The purpose of this report is to assess the efficacy and adverse event profile of photon-based stereotactic radiosurgery (SRS) compared with fractionated stereotactic radiotherapy (fSRT) for the treatment of uveal melanoma. Primary outcomes include incidence proportions of local control, enucleation, metastatic progression, disease-specific, and overall mortality. Treatment-related toxicities such as incidence proportions of radiation retinopathy, neovascular glaucoma, optic neuropathy, and cataract formation were examined as secondary outcomes. Five-year survival and 5-year local control rates were also assessed.
Materials and Methods:
PubMed, Embase, Web of Science, Scopus, and 2 Cochrane databases were searched up to December 31, 2018. Random effects models were used to calculate pooled incidence proportions of outcome measures. Meta-regression was carried out to explore the potential impact of dose per fraction on local control.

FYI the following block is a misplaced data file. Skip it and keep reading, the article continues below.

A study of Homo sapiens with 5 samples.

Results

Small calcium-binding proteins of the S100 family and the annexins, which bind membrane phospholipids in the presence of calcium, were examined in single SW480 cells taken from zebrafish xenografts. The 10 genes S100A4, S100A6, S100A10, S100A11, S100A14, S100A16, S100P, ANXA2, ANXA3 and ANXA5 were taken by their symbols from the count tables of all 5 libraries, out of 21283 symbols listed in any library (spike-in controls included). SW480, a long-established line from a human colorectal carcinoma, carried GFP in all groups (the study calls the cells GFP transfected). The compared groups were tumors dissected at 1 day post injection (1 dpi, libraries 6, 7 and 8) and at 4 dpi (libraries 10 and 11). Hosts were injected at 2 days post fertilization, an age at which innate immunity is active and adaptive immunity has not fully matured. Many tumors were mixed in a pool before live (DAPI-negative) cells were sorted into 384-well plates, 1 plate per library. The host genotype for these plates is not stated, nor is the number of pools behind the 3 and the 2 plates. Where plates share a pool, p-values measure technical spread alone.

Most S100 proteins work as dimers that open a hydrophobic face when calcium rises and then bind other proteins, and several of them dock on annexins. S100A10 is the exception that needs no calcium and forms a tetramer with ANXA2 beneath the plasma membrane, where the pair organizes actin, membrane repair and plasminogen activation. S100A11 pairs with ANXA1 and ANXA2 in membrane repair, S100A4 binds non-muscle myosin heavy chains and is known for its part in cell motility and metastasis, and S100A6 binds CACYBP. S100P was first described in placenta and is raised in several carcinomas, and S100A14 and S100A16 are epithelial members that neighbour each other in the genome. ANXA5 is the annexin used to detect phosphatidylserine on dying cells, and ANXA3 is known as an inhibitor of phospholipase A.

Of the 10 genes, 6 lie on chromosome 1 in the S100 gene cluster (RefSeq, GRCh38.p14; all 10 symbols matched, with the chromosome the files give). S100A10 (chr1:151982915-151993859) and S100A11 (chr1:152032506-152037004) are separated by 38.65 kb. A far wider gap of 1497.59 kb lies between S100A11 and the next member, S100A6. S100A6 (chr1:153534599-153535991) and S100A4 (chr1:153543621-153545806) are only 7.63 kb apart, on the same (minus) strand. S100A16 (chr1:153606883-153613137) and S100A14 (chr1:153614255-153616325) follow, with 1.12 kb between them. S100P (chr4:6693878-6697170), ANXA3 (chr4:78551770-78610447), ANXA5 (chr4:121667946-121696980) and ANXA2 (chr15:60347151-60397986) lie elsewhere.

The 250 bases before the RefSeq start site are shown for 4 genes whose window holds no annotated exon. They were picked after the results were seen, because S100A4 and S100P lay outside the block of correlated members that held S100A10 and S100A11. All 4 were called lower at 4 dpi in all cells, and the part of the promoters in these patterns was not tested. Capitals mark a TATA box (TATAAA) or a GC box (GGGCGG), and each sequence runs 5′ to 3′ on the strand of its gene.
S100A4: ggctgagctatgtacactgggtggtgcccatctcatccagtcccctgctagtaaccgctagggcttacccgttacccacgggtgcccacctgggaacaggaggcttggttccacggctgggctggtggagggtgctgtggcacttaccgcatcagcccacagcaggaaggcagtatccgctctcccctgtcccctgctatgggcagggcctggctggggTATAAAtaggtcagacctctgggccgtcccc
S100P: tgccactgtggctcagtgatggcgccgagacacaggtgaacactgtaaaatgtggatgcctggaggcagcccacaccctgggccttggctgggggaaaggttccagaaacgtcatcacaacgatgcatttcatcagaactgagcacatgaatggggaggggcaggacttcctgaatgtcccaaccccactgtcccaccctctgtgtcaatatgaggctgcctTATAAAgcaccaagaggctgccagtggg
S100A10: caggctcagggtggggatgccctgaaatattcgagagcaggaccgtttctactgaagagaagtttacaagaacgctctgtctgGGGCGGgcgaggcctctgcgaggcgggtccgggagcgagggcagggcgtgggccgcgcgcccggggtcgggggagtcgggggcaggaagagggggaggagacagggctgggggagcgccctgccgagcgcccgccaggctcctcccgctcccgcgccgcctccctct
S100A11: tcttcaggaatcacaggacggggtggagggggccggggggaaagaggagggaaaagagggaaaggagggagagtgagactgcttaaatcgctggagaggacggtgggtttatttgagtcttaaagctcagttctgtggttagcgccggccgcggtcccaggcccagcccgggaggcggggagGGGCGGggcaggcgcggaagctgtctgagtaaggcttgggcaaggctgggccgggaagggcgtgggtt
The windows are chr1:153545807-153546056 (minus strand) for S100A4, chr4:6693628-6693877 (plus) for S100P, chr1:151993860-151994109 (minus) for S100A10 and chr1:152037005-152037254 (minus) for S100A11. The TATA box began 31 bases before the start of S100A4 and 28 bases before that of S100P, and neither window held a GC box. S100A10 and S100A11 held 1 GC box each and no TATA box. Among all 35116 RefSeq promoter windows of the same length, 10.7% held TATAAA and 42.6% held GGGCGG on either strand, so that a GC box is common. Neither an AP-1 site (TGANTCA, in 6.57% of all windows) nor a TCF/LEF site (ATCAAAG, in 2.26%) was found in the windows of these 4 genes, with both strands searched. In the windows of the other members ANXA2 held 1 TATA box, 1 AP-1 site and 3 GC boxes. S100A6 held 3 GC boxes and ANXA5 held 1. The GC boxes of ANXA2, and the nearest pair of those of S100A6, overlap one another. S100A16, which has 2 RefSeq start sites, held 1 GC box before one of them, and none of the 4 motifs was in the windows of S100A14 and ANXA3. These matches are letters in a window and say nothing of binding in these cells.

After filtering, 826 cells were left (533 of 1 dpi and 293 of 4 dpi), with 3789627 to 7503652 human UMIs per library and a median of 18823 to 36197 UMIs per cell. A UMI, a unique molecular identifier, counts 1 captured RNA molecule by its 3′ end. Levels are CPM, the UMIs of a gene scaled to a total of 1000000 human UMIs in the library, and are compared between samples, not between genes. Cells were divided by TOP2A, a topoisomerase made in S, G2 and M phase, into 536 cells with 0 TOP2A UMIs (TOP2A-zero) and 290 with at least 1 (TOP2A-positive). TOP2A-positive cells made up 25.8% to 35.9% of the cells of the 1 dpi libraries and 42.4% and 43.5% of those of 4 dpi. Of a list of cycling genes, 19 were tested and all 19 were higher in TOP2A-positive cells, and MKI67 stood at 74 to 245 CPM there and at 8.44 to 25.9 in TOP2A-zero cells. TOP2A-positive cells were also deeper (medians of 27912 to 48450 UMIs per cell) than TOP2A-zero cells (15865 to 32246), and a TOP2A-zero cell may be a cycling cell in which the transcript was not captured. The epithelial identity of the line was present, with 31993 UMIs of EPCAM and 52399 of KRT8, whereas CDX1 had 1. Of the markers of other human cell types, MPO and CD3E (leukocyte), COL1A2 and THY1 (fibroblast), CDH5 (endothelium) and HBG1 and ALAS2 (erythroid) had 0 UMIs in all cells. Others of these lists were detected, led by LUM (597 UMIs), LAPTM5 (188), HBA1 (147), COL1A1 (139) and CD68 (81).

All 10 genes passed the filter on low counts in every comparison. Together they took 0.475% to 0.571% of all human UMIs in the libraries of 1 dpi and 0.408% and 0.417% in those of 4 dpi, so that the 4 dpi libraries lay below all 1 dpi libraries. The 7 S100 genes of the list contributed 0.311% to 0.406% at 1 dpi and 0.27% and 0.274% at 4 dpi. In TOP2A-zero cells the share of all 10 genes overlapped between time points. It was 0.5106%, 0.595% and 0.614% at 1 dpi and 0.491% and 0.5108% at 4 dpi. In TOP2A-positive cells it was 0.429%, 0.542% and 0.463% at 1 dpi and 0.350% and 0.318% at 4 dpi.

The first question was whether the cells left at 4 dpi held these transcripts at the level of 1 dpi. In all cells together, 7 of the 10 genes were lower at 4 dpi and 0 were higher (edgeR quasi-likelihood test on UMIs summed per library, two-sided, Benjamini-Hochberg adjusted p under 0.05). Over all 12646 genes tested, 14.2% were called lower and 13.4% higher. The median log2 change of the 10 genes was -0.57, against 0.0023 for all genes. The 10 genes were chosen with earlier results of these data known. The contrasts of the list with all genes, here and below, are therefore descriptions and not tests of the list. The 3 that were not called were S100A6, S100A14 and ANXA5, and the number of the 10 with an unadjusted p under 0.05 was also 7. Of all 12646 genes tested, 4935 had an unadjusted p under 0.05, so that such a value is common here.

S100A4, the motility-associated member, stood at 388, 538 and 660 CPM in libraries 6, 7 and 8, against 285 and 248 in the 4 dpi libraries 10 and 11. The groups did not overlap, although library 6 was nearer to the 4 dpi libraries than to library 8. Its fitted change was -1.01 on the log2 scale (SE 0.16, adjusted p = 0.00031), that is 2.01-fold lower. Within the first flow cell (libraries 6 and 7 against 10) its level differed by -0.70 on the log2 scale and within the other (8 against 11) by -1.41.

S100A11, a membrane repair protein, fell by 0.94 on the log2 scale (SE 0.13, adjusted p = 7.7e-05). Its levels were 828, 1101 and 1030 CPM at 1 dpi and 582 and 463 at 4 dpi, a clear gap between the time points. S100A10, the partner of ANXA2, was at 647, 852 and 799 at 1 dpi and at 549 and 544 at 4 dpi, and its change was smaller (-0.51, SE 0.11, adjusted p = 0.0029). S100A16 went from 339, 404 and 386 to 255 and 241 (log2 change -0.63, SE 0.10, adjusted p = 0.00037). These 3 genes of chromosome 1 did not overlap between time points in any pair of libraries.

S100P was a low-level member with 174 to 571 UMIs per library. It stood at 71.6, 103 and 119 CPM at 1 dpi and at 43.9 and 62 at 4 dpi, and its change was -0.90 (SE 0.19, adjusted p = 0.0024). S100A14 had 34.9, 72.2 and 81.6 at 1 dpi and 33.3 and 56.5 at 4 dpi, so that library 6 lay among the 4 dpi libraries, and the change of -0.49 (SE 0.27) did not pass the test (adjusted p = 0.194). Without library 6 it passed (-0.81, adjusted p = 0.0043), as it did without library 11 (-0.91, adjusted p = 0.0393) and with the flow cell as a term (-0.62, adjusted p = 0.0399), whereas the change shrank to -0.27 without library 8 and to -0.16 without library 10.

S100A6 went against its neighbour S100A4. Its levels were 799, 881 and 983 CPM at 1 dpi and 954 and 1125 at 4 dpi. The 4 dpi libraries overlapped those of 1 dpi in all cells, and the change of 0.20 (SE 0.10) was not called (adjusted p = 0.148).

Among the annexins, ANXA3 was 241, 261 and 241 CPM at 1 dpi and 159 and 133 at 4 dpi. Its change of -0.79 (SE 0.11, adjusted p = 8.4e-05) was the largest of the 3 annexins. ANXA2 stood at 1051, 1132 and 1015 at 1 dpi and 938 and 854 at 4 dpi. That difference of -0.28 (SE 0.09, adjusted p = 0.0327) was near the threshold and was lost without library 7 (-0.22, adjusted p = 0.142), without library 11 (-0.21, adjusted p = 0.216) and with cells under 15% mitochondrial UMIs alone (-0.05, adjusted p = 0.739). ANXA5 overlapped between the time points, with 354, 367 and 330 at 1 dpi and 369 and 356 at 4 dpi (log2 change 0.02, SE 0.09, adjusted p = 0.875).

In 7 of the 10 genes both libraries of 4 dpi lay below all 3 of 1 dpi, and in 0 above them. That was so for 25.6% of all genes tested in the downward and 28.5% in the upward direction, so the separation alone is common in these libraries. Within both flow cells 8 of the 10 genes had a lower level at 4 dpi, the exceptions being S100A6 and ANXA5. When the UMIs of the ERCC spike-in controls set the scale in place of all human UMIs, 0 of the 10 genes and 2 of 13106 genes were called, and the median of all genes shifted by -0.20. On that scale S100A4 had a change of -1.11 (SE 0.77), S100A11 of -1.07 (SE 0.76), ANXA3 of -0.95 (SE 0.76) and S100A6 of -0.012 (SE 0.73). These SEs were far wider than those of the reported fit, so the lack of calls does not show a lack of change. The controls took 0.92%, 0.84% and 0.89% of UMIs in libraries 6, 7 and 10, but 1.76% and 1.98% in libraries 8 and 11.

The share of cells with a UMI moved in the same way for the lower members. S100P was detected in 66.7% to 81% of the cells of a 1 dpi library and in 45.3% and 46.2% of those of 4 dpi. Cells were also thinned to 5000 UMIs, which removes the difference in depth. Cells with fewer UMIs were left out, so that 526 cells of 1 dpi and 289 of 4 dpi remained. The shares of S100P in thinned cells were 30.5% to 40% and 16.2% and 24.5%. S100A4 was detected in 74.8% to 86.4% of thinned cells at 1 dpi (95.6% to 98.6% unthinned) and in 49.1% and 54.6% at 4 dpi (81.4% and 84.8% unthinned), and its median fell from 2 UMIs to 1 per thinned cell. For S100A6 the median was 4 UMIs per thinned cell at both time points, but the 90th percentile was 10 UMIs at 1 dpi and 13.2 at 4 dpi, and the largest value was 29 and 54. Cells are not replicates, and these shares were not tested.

Twenty-four articles with a total of 1745 patients were included in the meta-analysis. There were no statistically significant differences between photon-based fSRT and SRS for all primary, secondary and 5-year outcome measures, including local control (P=0.28), enucleation (P=0.51), and neovascular glaucoma (P=0.40). The 5-year local control rate was 90% (95% confidence interval: 76%, 96%) for fSRT and 89% (70%, 97%) for SRS.
Our meta-analysis showed no difference in tumor control, survival and toxicities, as defined in this paper, between SRS and fSRT for uveal melanoma. Confounding biases remain an expected limitation in this study of novel treatment modalities deployed in rare tumors. Further investigation is needed to validate outcomes and compare stereotactic treatment techniques.